The public will get a greater chance to express their views on ideas for future land storage of redundant nuclear submarines through a new internet site, Defence Minister Lewis Moonie announced today.
On the new web-site (http://www.nucsubs.org.uk
), hosted by Lancaster University but linked from MOD's own Internet site, the public can read about the MOD's study into alternatives to storing these submarines afloat and take part in on-line discussion forums.
Dr Moonie said:
"It's important that we reach as many people as possible as we carry forward our consultations to help decide what we should be doing to tackle this issue. Lancaster University is helping us explore, for instance, exactly how much the public would like to be involved in the study, and how we should evaluate the storage options. The new web-site will add another dimension to that work."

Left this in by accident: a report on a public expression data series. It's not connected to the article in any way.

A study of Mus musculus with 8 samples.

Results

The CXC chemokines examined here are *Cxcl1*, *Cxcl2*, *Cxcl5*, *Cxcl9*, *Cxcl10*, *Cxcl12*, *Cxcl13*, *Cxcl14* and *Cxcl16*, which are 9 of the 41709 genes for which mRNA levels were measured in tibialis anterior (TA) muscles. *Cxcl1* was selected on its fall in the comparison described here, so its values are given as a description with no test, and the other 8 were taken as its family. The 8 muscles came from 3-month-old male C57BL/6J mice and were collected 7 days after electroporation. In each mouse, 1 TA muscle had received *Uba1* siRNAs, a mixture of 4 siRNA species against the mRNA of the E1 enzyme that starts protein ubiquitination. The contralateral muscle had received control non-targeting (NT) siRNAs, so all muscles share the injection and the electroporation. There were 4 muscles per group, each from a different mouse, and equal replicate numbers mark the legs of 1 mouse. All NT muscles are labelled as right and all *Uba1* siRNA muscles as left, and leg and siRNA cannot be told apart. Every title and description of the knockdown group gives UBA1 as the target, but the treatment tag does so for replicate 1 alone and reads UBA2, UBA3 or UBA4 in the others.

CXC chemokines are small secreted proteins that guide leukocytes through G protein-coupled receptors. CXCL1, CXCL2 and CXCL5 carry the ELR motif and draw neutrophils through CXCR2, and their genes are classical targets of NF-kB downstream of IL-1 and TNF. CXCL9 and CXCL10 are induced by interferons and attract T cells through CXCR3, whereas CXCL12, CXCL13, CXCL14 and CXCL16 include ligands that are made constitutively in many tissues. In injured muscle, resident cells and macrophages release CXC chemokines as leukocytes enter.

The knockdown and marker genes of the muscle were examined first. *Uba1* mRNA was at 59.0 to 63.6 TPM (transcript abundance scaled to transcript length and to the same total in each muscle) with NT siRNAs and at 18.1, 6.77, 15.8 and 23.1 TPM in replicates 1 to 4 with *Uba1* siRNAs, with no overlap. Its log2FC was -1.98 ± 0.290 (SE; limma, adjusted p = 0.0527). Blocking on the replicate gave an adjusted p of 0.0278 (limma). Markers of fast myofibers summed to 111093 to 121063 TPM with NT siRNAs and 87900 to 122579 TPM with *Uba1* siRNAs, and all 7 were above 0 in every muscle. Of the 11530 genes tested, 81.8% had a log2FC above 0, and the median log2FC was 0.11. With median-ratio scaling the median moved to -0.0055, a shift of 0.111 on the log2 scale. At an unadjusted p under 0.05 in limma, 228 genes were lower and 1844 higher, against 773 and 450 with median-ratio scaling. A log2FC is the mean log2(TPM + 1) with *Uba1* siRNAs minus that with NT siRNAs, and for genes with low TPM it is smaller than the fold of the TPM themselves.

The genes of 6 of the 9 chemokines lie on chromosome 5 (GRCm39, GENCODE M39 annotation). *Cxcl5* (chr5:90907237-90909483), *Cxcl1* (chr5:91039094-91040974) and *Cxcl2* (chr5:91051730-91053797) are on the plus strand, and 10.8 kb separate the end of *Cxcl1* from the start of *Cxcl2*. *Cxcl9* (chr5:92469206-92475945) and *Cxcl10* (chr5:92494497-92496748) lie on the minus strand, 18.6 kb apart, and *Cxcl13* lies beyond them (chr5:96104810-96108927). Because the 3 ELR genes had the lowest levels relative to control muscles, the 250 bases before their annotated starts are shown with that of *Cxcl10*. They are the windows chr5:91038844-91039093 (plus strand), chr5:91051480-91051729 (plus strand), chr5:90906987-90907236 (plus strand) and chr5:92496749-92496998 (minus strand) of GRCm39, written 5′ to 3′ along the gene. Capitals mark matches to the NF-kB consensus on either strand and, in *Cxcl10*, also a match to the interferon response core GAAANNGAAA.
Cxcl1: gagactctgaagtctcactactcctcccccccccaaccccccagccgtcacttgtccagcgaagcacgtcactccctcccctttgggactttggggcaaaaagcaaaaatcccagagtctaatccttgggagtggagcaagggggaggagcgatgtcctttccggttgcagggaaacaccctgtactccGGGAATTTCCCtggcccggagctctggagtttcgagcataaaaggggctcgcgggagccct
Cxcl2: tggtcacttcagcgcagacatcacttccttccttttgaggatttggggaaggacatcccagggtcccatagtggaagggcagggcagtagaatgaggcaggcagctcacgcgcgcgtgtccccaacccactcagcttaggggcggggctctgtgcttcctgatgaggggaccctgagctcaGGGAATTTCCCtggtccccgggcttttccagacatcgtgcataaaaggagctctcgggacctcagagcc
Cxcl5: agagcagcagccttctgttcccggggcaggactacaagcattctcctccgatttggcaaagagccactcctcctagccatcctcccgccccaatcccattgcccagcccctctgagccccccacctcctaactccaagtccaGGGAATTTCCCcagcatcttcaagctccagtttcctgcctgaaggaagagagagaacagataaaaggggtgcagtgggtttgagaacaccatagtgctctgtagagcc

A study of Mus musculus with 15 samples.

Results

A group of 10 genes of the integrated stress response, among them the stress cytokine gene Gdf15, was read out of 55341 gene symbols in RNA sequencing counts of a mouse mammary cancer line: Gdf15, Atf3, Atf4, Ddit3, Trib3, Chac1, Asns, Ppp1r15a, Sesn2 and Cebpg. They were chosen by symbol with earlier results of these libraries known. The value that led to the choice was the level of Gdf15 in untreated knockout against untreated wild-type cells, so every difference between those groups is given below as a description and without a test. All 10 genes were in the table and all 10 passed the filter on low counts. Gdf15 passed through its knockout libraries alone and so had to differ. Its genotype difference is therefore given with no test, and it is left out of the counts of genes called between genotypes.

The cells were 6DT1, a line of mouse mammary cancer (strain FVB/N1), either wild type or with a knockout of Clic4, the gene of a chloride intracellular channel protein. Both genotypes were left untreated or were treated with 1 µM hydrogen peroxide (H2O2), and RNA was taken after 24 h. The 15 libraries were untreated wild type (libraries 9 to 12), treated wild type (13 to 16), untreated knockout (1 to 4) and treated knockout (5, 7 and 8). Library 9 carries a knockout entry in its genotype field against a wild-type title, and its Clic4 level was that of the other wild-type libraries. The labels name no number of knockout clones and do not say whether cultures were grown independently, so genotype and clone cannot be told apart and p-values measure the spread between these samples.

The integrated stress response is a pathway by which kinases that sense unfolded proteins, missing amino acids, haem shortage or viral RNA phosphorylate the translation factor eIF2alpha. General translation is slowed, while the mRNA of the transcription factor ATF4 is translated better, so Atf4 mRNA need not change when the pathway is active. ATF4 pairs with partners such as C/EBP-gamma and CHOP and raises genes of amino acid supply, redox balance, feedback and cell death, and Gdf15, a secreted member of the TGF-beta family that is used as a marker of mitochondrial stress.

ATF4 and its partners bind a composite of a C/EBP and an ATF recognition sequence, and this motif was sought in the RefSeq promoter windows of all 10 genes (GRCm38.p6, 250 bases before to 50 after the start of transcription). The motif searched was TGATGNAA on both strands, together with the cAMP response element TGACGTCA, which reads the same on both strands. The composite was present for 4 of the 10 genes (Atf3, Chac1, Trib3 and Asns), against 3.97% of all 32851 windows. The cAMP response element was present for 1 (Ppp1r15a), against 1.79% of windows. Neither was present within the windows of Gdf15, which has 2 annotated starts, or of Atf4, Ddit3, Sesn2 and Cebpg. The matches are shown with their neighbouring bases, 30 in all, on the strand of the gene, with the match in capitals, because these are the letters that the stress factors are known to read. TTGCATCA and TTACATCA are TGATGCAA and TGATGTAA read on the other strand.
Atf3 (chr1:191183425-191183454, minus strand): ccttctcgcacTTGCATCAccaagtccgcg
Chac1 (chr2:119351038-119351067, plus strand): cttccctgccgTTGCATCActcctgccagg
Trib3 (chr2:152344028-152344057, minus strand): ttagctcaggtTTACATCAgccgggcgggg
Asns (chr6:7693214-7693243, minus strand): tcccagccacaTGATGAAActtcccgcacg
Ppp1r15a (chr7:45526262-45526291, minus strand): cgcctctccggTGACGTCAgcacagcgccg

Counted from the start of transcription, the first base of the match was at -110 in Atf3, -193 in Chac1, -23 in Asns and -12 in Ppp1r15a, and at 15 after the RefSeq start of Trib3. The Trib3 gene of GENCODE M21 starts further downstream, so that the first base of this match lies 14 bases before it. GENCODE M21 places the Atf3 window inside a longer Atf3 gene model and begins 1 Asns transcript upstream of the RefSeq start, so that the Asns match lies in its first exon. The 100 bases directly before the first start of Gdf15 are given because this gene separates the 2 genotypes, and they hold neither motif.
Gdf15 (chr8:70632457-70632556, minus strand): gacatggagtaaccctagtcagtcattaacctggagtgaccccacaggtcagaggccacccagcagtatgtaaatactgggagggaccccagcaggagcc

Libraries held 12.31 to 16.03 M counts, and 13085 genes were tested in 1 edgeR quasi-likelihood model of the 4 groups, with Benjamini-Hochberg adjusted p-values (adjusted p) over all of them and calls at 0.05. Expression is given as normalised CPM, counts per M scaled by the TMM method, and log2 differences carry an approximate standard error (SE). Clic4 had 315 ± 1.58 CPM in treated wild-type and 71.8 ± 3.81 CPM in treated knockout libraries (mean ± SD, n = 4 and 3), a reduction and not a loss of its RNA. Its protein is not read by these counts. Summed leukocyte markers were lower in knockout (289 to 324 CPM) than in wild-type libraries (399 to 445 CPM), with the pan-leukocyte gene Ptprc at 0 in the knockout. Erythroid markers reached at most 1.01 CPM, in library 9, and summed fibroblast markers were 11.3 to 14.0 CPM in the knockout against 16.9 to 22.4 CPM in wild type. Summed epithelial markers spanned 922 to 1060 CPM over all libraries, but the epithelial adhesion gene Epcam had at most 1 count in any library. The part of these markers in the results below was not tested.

A study last year found that the current practice of storing submarines afloat at Devonport and Rosyth remained safe, but that the lack of alternative afloat sites meant that storing the radioactive components on land was the best option for the longer term.
Dr Moonie launched a consultation exercise last May, when he said that MOD would be seeking proposals from industry in order to identify the best storage method and site. He also announced last November that an academic institute would be engaged to actively find out what people think. Lancaster University has since been appointed and has begun a series of stakeholder groups and focus groups across the country. Details of these events, and the opportunity to take part in on-line discussions on the topic, are now available on the new web-site.
A further period of consultation will be undertaken in 2002, once a shortlist of proposals from industry has been drawn up. There will be a fourth consultation period in 2003 on the recommended storage method and site before a final decision is taken.